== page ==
Sheriff knocking? Here are your rights


One of the easiest things to get into, is debt. It is also the hardest to get out of. When you make repayments on your assets such as furniture, a vehicle or your property, you stand the very real chance of losing it all.

Review Online spoke to Gert Ehlers, an attorney at DDKK Inc. about your rights in a situation where, for whatever reason, you simply cannot afford your repayments, your creditors start to take action and your assets are attached by the court sheriff.

"A debt collector must instruct a sheriff to attach or remove your possessions and can only do so if a judgment was granted against you and a warrant of execution was issued by the civil court, authorising the sheriff to attach your property," Ehlers says.

The process of attachment by the sheriff entails that the sheriff will compile a list or inventory of the items found at the premises where your belongings are kept, usually your home. The inventory will describe the item attached and also an estimated value. 'Judicial attachment' means you may not sell or dispose of the items attached, in other words, the items on the inventory.

Ehlers goes on to say the sheriff will usually first attach your property and not immediately remove it: "The sheriff will store your belongings or some of your belongings, depending mainly on the amount of the outstanding judgment debt and the value of the assets. He or she must attach enough of your belongings so that the judgment debt will, if possible, be settled if the belongings are sold on public auction."

If the judgment debt is not settled after the attachment, the sheriff may be instructed by the judgment debtor, the entity or person in whose favour the judgement was granted against you, to go to your premises again in order to remove the goods listed in the inventory. The goods removed are taken to the sheriff's office where they are kept safe.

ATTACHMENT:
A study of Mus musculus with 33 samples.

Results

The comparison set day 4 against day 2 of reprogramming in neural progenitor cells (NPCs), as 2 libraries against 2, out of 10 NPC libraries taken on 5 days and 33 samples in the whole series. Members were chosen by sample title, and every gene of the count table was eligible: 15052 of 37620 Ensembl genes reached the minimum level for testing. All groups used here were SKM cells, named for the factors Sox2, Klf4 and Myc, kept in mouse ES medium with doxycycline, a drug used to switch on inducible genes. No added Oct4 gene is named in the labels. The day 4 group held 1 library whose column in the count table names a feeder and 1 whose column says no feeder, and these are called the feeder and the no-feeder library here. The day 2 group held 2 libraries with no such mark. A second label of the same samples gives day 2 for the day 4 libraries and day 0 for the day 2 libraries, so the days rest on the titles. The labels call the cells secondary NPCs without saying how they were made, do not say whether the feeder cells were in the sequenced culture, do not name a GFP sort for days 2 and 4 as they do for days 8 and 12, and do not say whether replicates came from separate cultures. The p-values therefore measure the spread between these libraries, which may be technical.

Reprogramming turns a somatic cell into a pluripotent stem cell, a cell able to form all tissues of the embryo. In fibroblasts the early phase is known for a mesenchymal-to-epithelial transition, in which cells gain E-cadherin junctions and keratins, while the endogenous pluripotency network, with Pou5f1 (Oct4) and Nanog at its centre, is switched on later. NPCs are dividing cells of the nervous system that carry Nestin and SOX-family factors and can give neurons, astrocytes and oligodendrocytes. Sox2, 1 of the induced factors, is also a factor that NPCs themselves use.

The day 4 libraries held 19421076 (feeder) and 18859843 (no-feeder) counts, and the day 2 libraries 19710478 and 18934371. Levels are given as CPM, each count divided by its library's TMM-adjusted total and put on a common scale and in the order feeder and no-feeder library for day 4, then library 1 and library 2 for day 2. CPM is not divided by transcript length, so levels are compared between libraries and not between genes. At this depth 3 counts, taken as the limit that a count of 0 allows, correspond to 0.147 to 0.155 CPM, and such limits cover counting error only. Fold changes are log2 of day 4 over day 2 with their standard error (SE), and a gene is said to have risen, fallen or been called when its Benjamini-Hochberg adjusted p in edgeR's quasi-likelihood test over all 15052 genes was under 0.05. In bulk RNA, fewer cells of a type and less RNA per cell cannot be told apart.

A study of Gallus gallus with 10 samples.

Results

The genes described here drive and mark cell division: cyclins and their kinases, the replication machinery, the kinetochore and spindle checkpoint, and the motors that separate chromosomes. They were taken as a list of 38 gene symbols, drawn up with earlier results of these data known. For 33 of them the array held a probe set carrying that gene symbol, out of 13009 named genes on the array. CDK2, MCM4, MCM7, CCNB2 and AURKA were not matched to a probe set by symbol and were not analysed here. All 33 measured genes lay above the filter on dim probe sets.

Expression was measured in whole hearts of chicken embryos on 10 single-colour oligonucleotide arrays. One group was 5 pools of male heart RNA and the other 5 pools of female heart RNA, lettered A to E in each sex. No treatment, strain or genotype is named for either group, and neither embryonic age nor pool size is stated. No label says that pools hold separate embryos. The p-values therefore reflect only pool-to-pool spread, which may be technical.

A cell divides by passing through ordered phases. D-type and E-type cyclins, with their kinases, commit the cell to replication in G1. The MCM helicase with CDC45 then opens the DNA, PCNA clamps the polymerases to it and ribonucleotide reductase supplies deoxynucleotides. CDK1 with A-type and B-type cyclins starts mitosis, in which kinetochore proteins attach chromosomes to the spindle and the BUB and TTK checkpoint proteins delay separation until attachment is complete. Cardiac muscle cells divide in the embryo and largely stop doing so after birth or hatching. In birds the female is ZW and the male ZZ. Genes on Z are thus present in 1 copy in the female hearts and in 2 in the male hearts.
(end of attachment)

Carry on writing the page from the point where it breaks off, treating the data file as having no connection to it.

You have the right to know who claimed from you and for what amount the judgment was granted against you. From the court documents, specifically the summons, you should be able to note what the claim is based on.

What may be attached, removed?

Almost any kind and all your property may be attached, provided that a court authorised such attachment, says Ehlers.

"Only property actually belonging to you may be attached and not property in your possession but which belongs to someone else. You may, for instance, have a TV in your apartment that belongs to a friend. Sheriffs must explain the content of the document they are serving you with, and may not attach or remove necessary items such as food, beds, bedding and clothes. Subjected to certain guidelines, they may not remove any tools that you may rely on to earn a living."

What procedures must the debt collector follow?

Ehlers says if the claim against you was based on credit granted to you, the first step is to demand payment from you.

"A letter of demand, complying inter alia with Section 129 of the National Credit Act should be given to you. You should have been served with a summons unless you consented in writing to the granting of judgement against you without first receiving a summons."

A sheriff is to serve the summons to you. You may be served legally with the summons without actually receiving the summons. The sheriff may affix a copy of the summons to the main door or gate of your home or might hand it to a domestic worker. A summons may also be served at your place of employment or at an address chosen by you in an agreement with the judgment creditor.

"If you fail to defend the claim set out in the summons against you, the plaintiff may apply for default judgment to be granted against you, where after the court may authorise the attachment of your property by issuing a warrant of execution. The warrant of execution mandated a sheriff to attach and remove your belongings to be sold on a public auction."